Madison County jury cuts award for plaintiffs in med mal trial
After deliberating three-and-a-half hours, a Madison County jury found Alton Memorial Hospital and Samuel Essma, M.D. negligent for failing to identify ionic contrast dye prior to injecting it into James Halloway's spinal canal. But the jury award was nearly $2 million less than what was asked for, and more closely in line with what defendants expected to pay.Loss of a normal life: $10,000
On trial since Feb. 5, Essma and the hospital had admitted negligence, but not to the extent Halloway claimed.
Halloway was awarded $300,000 for pain and suffering, but nothing for "increased risk of harm."
His wife, Alice Halloway, who asked for damages for loss of consortium, received nothing. During the trial James Halloway, 80, complained he suffered sexual dysfunction because of the defendants' medical negligence.
The Halloways were represented by attorney Rex Carr.
Damages were also assessed for:
Emotional Distress: $50,000
Medical Expenses: $90,000
Carr wanted the jury composed of four men and eight women to award the Halloways of Godfrey $2.3 million during closing arguments in Madison County's latest medical malpractice trial.
He told jurors that they should award the couple $5 million, but since the jurors indicated they thought there was a medical crisis during voir dire he would only ask for the $2.3 million.
James Halloway claimed the negligence took place during a myelogram at Alton Memorial on Jan. 16, 2004.
The hospital was represented by Lisa Franke of the Hepler Broom law firm in Edwardville. Essma was represented by J. Thaddeus Eckenrode of St. Louis.
The hospital and Essma admitted they used the wrong dye during the myelogram, but claimed the plaintiff's back injuries were consistent with his conditions of spinal stenosis and osteoarthritis.
Holloway claimed the dye caused a condition called arachnoiditis, a pain disorder caused by the inflammation of the arachnoid, one of the membranes that surround and protect the nerves of the spinal cord.
James Halloway claimed he suffered permanent and disabling injuries to his spinal cord and to the nerves serving his legs and feet, lost large sums of money in medical care, and suffers unremitting permanent pain and disability.
During closing arguments Franke told jurors that two MRI's taken after the incident did not show arachnoiditis and that Carr's paid expert, Dr. Shuter, admitted he never even looked at the MRI films even though he was a radiologist.
"No evidence of arachnoiditis exists," Franke said. "None."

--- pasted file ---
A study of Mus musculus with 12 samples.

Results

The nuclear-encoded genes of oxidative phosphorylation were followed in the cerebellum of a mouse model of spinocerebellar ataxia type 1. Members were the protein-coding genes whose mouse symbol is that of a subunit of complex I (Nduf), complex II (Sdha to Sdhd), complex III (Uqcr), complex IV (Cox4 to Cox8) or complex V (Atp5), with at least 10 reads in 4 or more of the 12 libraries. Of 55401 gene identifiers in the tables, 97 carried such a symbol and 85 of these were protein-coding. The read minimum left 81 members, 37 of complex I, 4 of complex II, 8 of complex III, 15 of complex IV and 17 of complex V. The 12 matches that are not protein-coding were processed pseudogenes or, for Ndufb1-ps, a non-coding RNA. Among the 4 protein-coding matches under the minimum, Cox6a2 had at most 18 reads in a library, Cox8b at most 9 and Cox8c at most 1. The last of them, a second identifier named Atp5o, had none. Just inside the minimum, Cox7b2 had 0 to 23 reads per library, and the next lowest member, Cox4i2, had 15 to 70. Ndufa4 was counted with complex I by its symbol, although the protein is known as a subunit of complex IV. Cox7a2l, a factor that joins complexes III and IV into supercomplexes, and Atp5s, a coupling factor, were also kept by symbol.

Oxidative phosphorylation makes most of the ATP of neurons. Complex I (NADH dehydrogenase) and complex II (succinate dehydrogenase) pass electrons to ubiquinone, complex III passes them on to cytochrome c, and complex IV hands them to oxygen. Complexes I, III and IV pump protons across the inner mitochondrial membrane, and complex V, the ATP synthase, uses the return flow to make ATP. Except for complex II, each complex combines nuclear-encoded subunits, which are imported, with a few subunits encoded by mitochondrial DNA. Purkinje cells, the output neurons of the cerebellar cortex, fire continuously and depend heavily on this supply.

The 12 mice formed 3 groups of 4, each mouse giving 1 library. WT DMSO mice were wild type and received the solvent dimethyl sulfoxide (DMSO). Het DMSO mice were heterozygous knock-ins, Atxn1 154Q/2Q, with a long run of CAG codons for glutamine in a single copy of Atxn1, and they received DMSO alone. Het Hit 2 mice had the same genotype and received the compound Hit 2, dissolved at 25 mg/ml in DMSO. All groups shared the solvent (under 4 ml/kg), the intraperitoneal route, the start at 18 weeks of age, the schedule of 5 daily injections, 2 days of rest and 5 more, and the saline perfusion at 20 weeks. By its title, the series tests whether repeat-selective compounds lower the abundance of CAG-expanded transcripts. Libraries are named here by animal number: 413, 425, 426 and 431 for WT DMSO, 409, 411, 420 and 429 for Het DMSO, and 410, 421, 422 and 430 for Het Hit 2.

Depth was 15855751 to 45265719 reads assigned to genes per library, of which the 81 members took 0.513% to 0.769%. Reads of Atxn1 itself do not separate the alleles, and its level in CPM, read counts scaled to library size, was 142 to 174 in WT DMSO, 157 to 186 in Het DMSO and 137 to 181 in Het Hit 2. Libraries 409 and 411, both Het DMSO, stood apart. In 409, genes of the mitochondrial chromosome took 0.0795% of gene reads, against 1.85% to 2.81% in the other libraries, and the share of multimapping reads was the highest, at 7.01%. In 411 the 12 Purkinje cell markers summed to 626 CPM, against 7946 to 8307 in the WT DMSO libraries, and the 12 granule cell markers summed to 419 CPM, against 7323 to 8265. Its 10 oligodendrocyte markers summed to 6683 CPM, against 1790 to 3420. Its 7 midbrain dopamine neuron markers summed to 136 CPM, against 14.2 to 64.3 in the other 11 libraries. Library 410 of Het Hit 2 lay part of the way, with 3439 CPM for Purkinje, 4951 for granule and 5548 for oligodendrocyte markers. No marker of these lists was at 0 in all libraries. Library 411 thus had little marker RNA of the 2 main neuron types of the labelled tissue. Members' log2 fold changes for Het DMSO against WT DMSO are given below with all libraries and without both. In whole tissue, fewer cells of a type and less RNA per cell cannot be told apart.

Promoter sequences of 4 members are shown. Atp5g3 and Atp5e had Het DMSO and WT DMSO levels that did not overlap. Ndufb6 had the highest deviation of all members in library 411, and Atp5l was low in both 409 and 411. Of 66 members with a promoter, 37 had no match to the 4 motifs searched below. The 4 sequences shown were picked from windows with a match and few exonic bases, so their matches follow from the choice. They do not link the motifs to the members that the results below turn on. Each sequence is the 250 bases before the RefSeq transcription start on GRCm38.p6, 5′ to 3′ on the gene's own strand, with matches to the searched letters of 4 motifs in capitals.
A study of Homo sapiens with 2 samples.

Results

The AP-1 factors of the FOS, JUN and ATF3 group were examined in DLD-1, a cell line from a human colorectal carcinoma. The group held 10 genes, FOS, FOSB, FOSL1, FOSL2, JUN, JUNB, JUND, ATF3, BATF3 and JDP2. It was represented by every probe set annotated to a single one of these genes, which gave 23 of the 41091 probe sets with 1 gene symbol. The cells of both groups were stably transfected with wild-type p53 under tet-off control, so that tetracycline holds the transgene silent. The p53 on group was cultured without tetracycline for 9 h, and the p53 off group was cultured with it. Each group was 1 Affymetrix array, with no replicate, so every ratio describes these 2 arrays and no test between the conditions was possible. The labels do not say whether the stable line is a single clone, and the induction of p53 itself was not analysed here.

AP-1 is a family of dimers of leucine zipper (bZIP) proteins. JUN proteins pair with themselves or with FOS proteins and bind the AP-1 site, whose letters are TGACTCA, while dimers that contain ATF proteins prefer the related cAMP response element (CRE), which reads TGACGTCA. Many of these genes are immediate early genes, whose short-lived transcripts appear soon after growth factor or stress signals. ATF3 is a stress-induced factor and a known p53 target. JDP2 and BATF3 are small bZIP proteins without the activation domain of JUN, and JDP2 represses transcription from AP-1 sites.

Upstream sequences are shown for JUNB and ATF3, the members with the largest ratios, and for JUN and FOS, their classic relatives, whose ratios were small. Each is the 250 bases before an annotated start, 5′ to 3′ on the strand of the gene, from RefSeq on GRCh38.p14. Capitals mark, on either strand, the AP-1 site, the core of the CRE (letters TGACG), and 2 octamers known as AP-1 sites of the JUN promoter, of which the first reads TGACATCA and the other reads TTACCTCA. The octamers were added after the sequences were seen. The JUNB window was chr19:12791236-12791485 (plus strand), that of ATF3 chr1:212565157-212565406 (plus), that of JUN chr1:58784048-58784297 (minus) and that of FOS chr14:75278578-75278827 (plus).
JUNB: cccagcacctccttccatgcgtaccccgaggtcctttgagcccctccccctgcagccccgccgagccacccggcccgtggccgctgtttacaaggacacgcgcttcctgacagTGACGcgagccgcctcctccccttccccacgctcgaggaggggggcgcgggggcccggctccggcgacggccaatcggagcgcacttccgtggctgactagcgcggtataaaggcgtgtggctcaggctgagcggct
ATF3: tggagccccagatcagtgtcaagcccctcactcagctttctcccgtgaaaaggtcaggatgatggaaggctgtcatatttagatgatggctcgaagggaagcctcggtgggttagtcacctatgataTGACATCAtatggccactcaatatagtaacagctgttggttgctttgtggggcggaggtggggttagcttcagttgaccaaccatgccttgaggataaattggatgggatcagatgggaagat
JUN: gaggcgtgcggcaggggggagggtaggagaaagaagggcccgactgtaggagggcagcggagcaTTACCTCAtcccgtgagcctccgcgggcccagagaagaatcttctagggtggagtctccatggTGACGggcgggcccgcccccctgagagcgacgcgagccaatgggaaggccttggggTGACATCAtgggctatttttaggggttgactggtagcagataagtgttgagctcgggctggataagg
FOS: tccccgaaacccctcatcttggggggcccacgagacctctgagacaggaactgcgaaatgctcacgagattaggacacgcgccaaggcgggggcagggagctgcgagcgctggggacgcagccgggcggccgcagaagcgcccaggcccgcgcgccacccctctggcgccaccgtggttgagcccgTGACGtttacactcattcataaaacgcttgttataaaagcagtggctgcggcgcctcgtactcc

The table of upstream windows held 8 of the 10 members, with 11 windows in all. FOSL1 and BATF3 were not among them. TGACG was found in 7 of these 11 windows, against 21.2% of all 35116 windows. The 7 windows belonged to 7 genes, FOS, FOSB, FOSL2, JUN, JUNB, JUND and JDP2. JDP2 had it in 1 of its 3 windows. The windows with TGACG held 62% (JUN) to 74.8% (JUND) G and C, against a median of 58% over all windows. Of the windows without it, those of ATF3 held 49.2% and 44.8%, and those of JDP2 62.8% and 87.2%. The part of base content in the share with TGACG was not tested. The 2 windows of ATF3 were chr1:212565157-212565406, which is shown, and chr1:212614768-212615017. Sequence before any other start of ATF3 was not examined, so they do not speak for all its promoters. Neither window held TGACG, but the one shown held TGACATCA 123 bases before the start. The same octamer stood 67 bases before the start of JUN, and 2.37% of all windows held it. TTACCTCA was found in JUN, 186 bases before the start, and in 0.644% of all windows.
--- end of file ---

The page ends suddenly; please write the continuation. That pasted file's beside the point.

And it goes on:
Franke also told jurors that Shuter was paid $6,000 for 45 minutes of testimony and has worked over 150 cases with Carr in the past. She also said over 25 percent of Shuter's income was as a plaintiff's expert.
She again admitted that the hospital made a mistake and once it was noticed, the dye was removed and Halloway was treated in the hospital for the next three weeks. Franke said after the three weeks, Halloway's reaction was resolved and his condition was improved.
Franke also reminded the jurors that in 1999 James' back problems began and that he was diagnosed with progressive spinal stenosis and degenerative disk disease and had his first back surgery. She said in 2002 he had a second back surgery.
She also said that Alice Halloway hit James in the back with a car door in Oct. 2005.
In response to Carr asking the jury for $2.3 million, Franke asked them to award the Halloway's $250,000. She said that after the incident, Halloway's symptoms were from the "natural process of aging."
Franke said the jury should award $10,000 for loss of a normal life, $10,000 for increased future harm, $130,000 for pain and suffering, $10,000 for emotional distress and $90,000 for his medical expenses. She said she thought that was fair for three weeks of medical problems.
Eckenrode did not give the jury a specific number to award, but instead asked them to award damages based upon his condition today and how it would have been different had the incident not occurred.
He said that Carr was "avoiding reality" when stating that Halloway would have had a third back surgery when he was 80-years-old.
Eckenrode also said that not one of Halloway's treating physicians ever diagnosed him with arachnoiditis and that Carr was just a "leap of faith" for Carr to think the dye caused Halloway's medical problems after the incident.
Eckenrode also admitted that the Halloway's were "nice" people but that unfortunately reality does not allow them to receive a large award fo damages because they are nice people.
He also said that James sexual dysfunction was partly due to his vascular problems and bad blood flow which "unfortunately" happens with age and noted that Viagra and other pills can help that problem.
On rebuttal, Carr said is was not a mistake but rather gross negligence of the worst kind.
"We are talking about a human life," Carr said.
In response to Franke's statement about arachnoiditis not showing up on MRI films he said Halloway's was much milder and that was why it did not show up on films.
He also said that the amount he asked for was too much.
"I hope it is too much money," he said. "They cannot get away with this."
He told the jurors to "ignore" the medical malpractice problem and to imagine the hospital was called Illinois Central Railroad or the Rex Carr law firm.
Carr said imagine you are sticking it to a rich lawyer.
Madison County Circuit Judge David Hylla presided over the trial, his first since being elected in November.